Wisconsin Fair Dealership Case Law Update: Kaeser Compressors, Inc. v. Compressor & Pump Repair Services, Inc.
Axley Brynelson’s Distribution and Franchise Team publishes the Wisconsin Fair Dealership Case Law Update as an online resource for developments in the Wisconsin Fair Dealership Law.
Kaeser Compressors, Inc. v. Compressor & Pump Repair Services, Inc.
United States District Court for the Eastern District of Wisconsin, September 18, 2009
Facts: The plaintiff, Kaeser Compressors, Inc., brought this declaratory judgment action seeking a declaration that it may terminate its dealership relationship with defendant Compressor & Pump Repair Services, Inc. (CPR) without compensation. It asked the Court to declare, in the alternative, that CPR’s failure to sign a new dealership agreement constituted good cause for termination under the Wisconsin Fair Dealership Law.
In 2009, CPR found out that Kaeser had begun selling its products directly through a Sears store and the Sears website. Kaeser informed CPR and other dealers that it would be selling its products direct through its own website. After a meeting, Kaeser told CPR it would have to sign a new distributor agreement within 20 days that would eliminate CPR’s exclusivity. The agreement contained other conditions to which CPR objected. After CPR refused to sign the agreement, Kaeser brought this declaratory action. CPR alleged in its counterclaims that the actions described violated the Wisconsin Fair Dealership Law because they amounted to a constructive termination without adequate notice. It further alleged that Kaeser violated the Wisconsin Fair Dealership Law by changing the competitive circumstances of the dealership without good cause.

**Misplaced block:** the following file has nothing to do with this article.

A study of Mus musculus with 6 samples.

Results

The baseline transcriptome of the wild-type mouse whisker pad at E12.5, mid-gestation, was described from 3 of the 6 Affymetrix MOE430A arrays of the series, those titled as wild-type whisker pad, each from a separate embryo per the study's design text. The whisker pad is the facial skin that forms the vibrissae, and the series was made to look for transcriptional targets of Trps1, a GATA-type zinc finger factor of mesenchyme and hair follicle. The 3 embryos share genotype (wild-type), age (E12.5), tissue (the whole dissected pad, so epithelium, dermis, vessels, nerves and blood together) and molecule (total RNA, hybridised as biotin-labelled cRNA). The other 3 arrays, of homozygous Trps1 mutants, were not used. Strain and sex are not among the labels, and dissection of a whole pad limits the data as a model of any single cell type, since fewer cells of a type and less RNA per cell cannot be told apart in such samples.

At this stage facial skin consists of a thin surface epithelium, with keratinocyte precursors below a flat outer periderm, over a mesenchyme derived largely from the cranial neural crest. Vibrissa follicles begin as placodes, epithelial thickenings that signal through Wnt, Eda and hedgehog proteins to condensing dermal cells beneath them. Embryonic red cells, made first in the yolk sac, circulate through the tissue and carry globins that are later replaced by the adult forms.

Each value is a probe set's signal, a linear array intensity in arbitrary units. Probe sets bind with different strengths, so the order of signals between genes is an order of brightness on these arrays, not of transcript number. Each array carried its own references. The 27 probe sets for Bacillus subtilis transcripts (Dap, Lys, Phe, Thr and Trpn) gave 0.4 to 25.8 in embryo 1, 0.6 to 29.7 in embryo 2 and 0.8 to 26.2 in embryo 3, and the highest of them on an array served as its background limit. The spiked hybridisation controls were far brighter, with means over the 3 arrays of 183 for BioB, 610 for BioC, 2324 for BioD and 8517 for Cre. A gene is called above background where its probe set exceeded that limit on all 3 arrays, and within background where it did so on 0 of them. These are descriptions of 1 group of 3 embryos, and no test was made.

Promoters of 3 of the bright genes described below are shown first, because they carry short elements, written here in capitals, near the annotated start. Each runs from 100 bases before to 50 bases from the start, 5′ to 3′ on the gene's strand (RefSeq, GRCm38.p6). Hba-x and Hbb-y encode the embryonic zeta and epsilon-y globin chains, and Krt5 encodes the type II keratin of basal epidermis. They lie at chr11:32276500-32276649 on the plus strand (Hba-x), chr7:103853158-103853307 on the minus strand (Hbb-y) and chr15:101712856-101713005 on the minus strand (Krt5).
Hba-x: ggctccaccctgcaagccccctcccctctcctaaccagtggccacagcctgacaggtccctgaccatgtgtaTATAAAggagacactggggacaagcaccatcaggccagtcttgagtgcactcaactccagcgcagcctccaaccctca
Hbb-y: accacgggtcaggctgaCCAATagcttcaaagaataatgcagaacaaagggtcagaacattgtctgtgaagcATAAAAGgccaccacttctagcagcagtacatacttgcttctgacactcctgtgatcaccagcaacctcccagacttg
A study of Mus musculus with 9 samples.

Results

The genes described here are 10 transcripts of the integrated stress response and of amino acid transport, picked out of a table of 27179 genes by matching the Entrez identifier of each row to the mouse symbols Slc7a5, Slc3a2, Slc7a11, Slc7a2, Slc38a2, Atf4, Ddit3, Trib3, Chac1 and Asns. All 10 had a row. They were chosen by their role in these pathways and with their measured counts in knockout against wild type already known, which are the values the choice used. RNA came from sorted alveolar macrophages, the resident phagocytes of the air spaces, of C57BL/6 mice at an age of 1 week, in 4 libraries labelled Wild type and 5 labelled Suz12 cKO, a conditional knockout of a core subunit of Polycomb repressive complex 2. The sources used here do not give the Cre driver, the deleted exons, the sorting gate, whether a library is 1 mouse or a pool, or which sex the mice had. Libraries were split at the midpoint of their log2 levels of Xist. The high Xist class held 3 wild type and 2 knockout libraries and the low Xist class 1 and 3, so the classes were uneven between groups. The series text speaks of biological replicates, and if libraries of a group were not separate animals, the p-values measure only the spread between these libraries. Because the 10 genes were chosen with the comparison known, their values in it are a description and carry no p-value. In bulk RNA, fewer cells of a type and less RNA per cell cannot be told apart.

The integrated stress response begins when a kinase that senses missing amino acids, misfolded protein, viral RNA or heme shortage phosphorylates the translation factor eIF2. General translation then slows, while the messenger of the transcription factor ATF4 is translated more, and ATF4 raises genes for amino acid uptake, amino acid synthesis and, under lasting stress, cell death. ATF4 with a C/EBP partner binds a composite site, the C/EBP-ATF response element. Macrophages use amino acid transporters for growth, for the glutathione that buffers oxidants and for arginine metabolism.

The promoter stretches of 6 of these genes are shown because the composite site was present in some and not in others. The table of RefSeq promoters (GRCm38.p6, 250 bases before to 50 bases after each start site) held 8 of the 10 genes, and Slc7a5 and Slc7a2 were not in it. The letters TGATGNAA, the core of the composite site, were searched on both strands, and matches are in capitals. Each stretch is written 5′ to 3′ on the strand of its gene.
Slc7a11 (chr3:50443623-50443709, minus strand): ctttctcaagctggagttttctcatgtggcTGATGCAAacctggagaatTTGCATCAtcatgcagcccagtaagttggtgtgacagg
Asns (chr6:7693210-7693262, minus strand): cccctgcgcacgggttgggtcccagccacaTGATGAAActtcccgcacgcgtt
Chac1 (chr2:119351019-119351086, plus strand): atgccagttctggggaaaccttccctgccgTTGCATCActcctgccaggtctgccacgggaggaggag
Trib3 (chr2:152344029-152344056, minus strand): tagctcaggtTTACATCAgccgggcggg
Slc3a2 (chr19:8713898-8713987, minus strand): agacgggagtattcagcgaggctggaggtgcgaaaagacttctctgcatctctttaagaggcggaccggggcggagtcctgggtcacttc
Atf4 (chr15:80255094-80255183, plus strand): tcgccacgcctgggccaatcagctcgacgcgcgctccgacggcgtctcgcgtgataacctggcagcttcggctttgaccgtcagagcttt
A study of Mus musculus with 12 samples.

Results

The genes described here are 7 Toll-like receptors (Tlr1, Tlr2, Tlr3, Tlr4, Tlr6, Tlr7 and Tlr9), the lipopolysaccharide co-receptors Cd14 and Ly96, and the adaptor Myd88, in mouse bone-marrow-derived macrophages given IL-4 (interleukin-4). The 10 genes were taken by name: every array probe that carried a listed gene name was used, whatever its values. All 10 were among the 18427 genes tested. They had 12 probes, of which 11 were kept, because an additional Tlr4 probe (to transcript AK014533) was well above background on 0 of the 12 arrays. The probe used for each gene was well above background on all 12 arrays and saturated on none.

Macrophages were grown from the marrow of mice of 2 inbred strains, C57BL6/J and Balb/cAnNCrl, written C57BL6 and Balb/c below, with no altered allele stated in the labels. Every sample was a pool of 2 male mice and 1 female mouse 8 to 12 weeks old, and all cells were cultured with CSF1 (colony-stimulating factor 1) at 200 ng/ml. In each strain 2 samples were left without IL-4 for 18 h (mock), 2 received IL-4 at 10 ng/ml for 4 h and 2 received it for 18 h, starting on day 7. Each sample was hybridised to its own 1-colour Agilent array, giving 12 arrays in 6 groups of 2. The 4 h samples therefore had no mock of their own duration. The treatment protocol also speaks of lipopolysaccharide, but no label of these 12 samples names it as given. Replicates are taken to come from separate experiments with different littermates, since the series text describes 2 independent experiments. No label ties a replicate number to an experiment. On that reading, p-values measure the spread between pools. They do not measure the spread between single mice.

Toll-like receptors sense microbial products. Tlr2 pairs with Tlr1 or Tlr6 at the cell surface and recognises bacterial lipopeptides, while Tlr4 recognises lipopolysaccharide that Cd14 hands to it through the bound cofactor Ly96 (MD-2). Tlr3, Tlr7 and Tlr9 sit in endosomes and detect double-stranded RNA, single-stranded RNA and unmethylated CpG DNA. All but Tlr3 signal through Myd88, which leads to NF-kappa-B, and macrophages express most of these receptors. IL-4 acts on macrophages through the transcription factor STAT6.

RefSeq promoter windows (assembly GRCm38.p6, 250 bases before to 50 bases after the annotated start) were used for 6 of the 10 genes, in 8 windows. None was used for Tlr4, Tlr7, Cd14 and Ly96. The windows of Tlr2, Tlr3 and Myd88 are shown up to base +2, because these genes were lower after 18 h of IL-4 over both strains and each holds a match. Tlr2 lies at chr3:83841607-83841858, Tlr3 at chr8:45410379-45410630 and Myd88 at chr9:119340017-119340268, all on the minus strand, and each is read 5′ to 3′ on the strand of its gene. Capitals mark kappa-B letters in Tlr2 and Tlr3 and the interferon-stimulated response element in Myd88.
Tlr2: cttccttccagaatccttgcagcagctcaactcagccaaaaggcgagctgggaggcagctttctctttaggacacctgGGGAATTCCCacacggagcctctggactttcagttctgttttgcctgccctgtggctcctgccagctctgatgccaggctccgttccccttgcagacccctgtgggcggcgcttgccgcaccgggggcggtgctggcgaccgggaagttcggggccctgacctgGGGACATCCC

Ruling: The Court found that Kaeser’s action to dismiss CPR’s fair dealership claim must be denied because CPR had alleged facts and circumstances that could give rise to a finding that it had an exclusive territory, which Kaeser intended to terminate. As to CPR’s allegation that Kaeser did not have good cause to change the competitive circumstances of the dealership, the Court found that CPR allegations, if true, would establish there was no good cause. Thus the Court denied Kaeser’s motion.
Bottom Line: This case does not broker any new law; however, it is an example of the difficulties that a manufacturer and a dealer face when a manufacturer attempts to change a distributor scheme that previously existed.